A note on ambition and fast development
The equation is relatively simple: ambition – action = frustration.
The ‘get-up-and-go’ attitude needs constant reality checks. It is not always a way of slowing a hot-headed idea down, as there are times where you need to act there and then, but it is good to remind ourselves that scaling a business up is an adaptation game.
It is about having a plan, knowing strengths – that of your own as a leader and those of your brand – and building on them. Make those steps with confidence and adapt along the way. The goal is to lead to sustainable growth. Scale your business by design, not an impulse.
You won’t last a marathon if you just turn up at the starting point without having trained for one. But if you dream about it, if you have this goal in your head from the first moment you put your running shoes on, it will be easier to withstand the rigours of training, stay committed and appreciate every mile you put it, every time you improve your personal best.
Knowing what you’re aiming for enables you to plan steps towards it. It requires discipline – to both execute the designed plan and not to get ahead of yourself. There is a balance between pushing hard, going out of your comfort zone, and knowing when to recover. It’s a delicate procedure with many facets. There are tangible aspects to it, cash flow, space, equipment.
As well as less physical, but no less noticeable: culture changes when you are growing a team.
You may be moving from a one-level group to a hierarchy, which changes the dynamics, relationships, and communication style. Each may impact productivity, customer care, and the overall standing of your brand.
That is why I cannot overestimate the importance of sustainable business growth. Otherwise, it is ambition without implementation, which leads to frustration. Or worse, ambition with haphazard implementation, which often leads to frustration and financial loss. What is more, the latter tends to setback businesses a year or more.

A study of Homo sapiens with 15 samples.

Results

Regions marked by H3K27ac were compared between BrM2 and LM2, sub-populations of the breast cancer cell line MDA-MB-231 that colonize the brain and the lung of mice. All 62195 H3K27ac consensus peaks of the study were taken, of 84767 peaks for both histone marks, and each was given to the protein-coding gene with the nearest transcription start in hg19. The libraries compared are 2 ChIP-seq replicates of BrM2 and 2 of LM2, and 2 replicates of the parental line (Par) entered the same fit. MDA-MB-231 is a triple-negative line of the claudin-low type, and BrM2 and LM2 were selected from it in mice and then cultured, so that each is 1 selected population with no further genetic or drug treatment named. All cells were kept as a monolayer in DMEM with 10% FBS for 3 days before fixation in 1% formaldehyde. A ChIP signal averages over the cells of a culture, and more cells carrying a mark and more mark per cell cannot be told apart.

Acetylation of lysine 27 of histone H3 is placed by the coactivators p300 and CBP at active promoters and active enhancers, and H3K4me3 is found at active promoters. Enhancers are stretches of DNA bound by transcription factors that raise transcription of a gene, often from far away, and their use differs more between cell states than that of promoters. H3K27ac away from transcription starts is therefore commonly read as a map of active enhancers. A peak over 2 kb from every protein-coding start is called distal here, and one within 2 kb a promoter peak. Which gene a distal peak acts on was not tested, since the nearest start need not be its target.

Therefore, it is vital to grow by design and at a pace that is conducive to your growth. Does that mean staying in your comfort zone at all times?
No. That means stretching yourself, where appropriate.
The trick is not to lean too far so as not to fall over, but with the right support, you are able to reach further and jump higher. Incidentally, I will be talking about systems in my next article.
Have you heard about feet of clay? It’s a metaphor for a hidden weakness, and growing too fast, too chaotically, or too reactively can mean your business is standing on feet of clay. These are not going to support you in the long term. After the initial period of development, they are likely to crumble. Success needs to stand on firm foundations. Ones that can be sustained and expanded; otherwise, you are wasting your effort and mismanaging your resources.
Here are a few basic things to keep an eye out for when you are growing:
- Monitor your culture
Are you growing a team or witnessing existing structures crumbling?
- Observe communication patterns
Now that you have more people involved in your operations, both your team and outsourced resources, is the communication still smooth, or are you noticing delays?
- Get to grips with new technology
It’s meant to help, not hinder your operations, so if you are spending more time figuring out how to use that software rather than actually using it, perhaps you could benefit from a training session or input from a consultant.
- Ask yourself if you are following trends
It’s good to be up to date with the latest discoveries in your industry, but it may mean you are falling behind the leaders if you are merely following them. What can you do to start setting the trends instead? Consider your products, your services, the value your team brings to the organisation, and your own attitude. What stands out? Is there anything that you are underestimating and is of importance to your clients?
- Revisit your value proposition often
The value proposition is not a statement to be developed and left to gather dust. By all means, make it known and visible, but as soon as it is established, keep questioning it: is it still relevant?
Have the circumstances changed? Has my customer evolved? Am I still delivering it through my organisation?
Treat it as a working document, as for your own and your customer’s sakes.
As soon as you set it aside, you are risking a rupture in your values. Expanding your organisation is an exciting process. An incredibly challenging one, too, as the euphoria of growth may overshadow the mundane structures necessary to maintain the development. Keep going and keep growing. As Tom Peters, an American business author, wrote you can’t shrink your way to greatness.